1. Yuan He1,2,
  2. Li-Yue Sun3,
  3. Kun-Wei Peng1,
  4. Man-Jun Luo1,
  5. Ling Deng4,
  6. Tao Tang4 and
  7. Chang-Xuan You1
  1. 1Department of Oncology/ Medical Center for Overseas Patients, Southern Medical University Nanfang Hospital, Guangzhou, Guangdong, China
  2. 2Department of Ultrasound and Electrocardiogram, Sun Yat-sen University Cancer Center, Guangzhou, Guangdong, China
  3. 3State Key Laboratory of Oncology in South China, Collaborative Innovation Center for Cancer Medicine, Department of Molecular Diagnostics, Sun Yat-sen University Cancer Center, Guangzhou, Guangdong, China
  4. 4Department of Molecular Diagnostics, Sun Yat-sen University Cancer Center, Guangzhou, Guangdong, China
  1. Correspondence to Professor Chang-Xuan You, Department of Oncology/ Medical Center for Overseas Patients, Southern Medical University Nanfang Hospital, Guangzhou 510515, China; ycx6026{at}126.com

Abstract

Objective To investigate the clinical implications of sleep quality, anxiety and depression in patients with advanced lung cancer (LC) and their family caregivers (FCs).

Methods A total of 98 patients with advanced LC and their FCs (n=98) were recruited from the Oncology Department in Nanfang Hospital. The Pittsburgh Sleep Quality Index (PSQI), consisting of seven components that evaluate subjective sleep quality, sleep latency, duration of sleep, sleep efficiency, sleep disturbances, sleep medication usage and daytime dysfunction, was used to assess sleep quality. Using the tool of Zung Self-rating Anxiety Scale (SAS) and Zung Self-rating Depression Scale (SDS), we tested the patients’ status of anxiety and depression, respectively.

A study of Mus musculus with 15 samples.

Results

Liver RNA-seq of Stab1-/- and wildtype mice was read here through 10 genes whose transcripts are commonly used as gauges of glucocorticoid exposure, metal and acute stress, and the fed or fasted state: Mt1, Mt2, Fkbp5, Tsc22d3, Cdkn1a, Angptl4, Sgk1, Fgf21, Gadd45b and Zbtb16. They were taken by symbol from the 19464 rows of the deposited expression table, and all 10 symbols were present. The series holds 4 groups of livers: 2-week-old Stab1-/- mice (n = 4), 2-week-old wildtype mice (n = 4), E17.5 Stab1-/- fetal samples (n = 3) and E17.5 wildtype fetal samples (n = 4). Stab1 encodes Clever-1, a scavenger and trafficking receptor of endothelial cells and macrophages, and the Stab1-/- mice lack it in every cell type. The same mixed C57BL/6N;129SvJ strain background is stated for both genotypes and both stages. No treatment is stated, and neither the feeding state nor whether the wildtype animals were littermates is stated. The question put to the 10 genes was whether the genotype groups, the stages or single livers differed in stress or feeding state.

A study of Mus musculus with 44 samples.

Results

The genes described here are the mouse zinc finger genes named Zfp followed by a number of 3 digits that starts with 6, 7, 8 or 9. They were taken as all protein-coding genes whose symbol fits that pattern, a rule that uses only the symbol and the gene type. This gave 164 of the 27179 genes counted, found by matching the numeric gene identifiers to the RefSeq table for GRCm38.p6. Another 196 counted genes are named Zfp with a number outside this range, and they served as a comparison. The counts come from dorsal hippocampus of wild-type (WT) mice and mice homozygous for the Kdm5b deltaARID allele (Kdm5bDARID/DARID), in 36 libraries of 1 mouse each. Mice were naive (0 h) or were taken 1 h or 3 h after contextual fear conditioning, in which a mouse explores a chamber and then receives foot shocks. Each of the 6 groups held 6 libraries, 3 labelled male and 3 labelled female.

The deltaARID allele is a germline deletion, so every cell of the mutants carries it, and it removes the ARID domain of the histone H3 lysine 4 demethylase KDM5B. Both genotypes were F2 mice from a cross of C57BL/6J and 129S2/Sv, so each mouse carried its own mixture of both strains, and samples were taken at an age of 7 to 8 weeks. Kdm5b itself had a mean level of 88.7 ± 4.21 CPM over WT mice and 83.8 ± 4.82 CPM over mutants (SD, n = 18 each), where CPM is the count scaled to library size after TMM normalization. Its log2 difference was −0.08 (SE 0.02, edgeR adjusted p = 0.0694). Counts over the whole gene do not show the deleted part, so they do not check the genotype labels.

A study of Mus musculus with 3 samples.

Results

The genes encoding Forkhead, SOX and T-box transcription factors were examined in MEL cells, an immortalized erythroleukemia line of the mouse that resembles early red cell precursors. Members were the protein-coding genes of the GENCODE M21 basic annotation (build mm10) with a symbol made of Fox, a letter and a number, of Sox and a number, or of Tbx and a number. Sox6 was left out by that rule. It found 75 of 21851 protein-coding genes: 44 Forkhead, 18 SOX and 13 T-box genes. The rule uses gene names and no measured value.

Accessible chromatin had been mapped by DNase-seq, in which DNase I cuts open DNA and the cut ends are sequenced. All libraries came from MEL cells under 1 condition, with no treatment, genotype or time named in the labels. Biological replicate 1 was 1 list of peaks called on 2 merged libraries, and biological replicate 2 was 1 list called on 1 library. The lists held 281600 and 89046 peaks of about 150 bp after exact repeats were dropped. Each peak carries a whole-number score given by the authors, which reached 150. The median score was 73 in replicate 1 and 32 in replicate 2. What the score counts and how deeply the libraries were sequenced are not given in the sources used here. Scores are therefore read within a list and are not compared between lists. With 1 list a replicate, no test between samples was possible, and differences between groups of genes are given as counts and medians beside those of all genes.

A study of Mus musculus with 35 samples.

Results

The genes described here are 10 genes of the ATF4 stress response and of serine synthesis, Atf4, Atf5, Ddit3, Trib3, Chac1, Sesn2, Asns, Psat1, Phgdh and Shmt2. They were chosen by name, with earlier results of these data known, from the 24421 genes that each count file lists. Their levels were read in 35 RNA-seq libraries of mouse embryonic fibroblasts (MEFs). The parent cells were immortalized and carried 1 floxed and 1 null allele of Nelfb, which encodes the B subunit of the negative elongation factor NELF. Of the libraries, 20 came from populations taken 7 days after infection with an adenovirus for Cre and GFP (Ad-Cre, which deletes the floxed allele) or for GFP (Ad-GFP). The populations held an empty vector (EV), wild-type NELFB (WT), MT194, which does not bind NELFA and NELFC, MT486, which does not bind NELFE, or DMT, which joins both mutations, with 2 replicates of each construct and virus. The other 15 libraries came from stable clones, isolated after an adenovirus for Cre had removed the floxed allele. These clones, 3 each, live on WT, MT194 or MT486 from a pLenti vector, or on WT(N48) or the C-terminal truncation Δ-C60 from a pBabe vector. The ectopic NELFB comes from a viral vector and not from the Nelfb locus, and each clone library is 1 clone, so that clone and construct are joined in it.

Results The prevalences of poor sleep quality, anxiety and depression in patients were 56.1%, 48.9% and 56.1%, respectively, while those in FCs were 16.3%, 32.6% and 25.5%, respectively. Patients had higher PSQI, SAS and SDS scores than did FCs (p<0.05). Significant correlations were found between the patients’ and FCs’ scores of PSQI/SAS/SDS (p<0.05). Multivariate Cox regression analyses indicated that sleep disturbances in patients (HR 0.413, 95% CI 0.21 to 0.80, p=0.01) and the global PSQI score of FCs (HR 0.31, 95% CI 0.14 to 0.71, p=0.00) were independent risk factors for patients’ first-line progression-free survival (PFS). Moreover, patients’ sleep latency (HR 2.329, 95% CI 1.36 to 3.96, p=0.00) and epidermal growth factor receptor mutations (HR 1.953, 95% CI 1.12 to 3.38, p=0.01) were significant prognostic factors for their overall survival (OS).

Conclusions We demonstrated that presence of sleep disturbances in patients with advanced LC and the global PSQI Score of their FCs may be risk predictors for patients’ poor first-line PFS. Patients’ sleep latency was a potential risk factor for their OS.

  • lung cancer
  • family caregivers
  • anxiety
  • depression
  • sleep quality


  • Contributors This study was conceived, designed and interpreted by YCX and HY. HY and SLY undertook the initial systematic search and screening of the literature. HY, SLY, PKW, LMJ, DL and TT contributed to the data acquisition, analysis and interpretation. HY and SLY were major contributors in writing the manuscript and they are co-first authors. YCX revised the subsequent drafts.

  • Funding This work was supported by the Science and Technology Planning Project of Guangdong Province, China (2017B090901067).

  • Competing interests None declared.

  • Patient consent for publication Not required.

  • Ethics approval The study was approved by the ethical committee of Nanfang Hospital.

  • Provenance and peer review Not commissioned; externally peer reviewed.

  • Data availability statement All data relevant to the study are included in the article or uploaded as supplementary information. The original research data used to support the findings of this study are included within the article.